Written evidence from Brenda Prentice (PHO 16)
My name is Brenda Prentice and I have brought my witness statements and evidence to PACAC for over 10 years now. I appreciate you are looking back for only five years but all the years seem the same after all this time. Any changes are never good for complainants. Simply tinkering with locations and systems does not improve outcomes.
My complaint is that PHSO found my son’s death was avoidable but, like so many other complaints before ours, and after, did nothing about it. This leaves the same errors to occur again and again. I’ve been told if the Ombudsman makes a recommendation, (he has apparently no power of enforcement), organisations will be foolish not to follow them.... I can say from experience, if organisations choose not to follow PHSO recommendations, they don’t and there is nothing that can be done about it.. I do appreciate that your committee does not look at individual cases but I use my son’s case as an example.
Ombudsman decisions make very little impact on organisations.
Is ignoring wrongdoing like that of my son’s care a deliberate way of reducing the population, like for example, when care homes were left unprotected at the start of Corvid. Many people think so.
Over the time I've been bringing evidence to PACAC, I have not seen any improvement in standards or service to the public.
The main concern for me is that there is no improvement in the appeal system.
Any appeal is not judged on what any normal person might expect, that is, a look at the decision; no it is a question of was the laid down process followed. If it was, then the decision must be right!!!!
That is perverse; particularly when staff take expert evidence from the wrong discipline of expert! That won’t make any difference to an appeal as they did take expert advice!!!!!! They followed the policy of taking expert advice!!!!! Even though it was wrong. This was my experience and I know I am not alone in that.
Staff training has not addressed this issue.
Over time the Ombudsman and staff change which brings a new fresh approach to the process. I myself have dealt with three Ombudsman now. We, the members of the public, are left to start all over again to try to educate new staff into what the problems are. Tired and exhausted, we can’t refresh, we try to go on looking for justice which never comes.
Asking for help from PHSO various committees is fruitless.
When we tell the truth the present Ombudsman simply will have nothing to do with us, refusing any contact. Simply throwing his toys out of the pram will solve nothing! This is documented in the book ‘What’s the Point of the Ombudsman’. Mr Behrens clearly reads the blog and uses it when it is useful.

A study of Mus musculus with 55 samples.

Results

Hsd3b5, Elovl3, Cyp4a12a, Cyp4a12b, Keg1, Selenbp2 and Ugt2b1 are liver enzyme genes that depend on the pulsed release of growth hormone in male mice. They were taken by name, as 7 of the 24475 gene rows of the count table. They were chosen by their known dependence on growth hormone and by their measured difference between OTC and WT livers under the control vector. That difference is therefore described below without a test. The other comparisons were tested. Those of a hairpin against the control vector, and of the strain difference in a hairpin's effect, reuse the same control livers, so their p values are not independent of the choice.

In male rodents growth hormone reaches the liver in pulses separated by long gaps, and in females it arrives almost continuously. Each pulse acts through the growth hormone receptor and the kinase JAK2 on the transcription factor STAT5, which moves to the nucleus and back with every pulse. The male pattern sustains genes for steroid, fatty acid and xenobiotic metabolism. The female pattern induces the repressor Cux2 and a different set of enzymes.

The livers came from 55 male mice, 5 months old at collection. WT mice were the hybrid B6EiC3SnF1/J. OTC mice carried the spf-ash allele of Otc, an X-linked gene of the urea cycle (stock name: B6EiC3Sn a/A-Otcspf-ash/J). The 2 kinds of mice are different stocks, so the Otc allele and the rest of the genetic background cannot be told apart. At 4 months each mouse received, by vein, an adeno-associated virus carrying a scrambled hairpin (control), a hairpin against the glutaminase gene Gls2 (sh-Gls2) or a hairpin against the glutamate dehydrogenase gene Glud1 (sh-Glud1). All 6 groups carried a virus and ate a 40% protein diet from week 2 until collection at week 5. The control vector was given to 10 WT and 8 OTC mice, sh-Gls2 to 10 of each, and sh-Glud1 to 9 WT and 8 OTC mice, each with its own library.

The Venice Commission is the advisory body on constitutional matters to the Council of Europe, of which the UK is a full member. The Opinion is attached and will repay very careful reading. It sets out in detail the breach of the Venice Principles.
• The requirement that the Ombudsman must now apply to the High Court to seek access to the ‘safe space’ is a clear reduction in the powers of the Ombudsman which (until now) has itself had the powers of the High Court to require attendance of witnesses and examine both witnesses and documents. Given that Coroners are to be allowed into the safe space, the exclusion of the Ombudsman has the potential to undermine public trust in the Ombudsman scheme which acts as a last resort in articulating citizen rights
Please note. The public who have used the Ombudsman Service has NO TRUST in the Ombudsman service. A 2% uphold in cases is not justice.
Value for money...if the present Ombudsman is there to protect the ‘status quo’ he is excellent value for money. For those who came to him for a fair and open complaints process, there is no value for our tax money.
The Ombudsman does NOT answer to PACA for its administration, there is so much past evidence for that, I can’t repeat it all again.
The Ombudsman is NOT answerable to the Court for its decisions. JR’s and court proceedings are out of the financial reach of ordinary people.
We, the public, are at the mercy of the clerks of the committee who organise what happens or does not happen in your committee. They are not always sympathetic to the public. On occasions there are ones who treat us fairly but most of them are quickly moved on.
Bernard Jenkin promised much but delivered little. Will the next chair have more concern for fair, open and transparent justice? Simply laying reports in front of the government does nothing.
Many people better educated than I am have submitted evidence in a more formal way, but it seems none of us have managed to get the change needed to stop this sham perpetrated on the public, at public expense.
After ten years I have given up expecting any justice in this supposed democracy!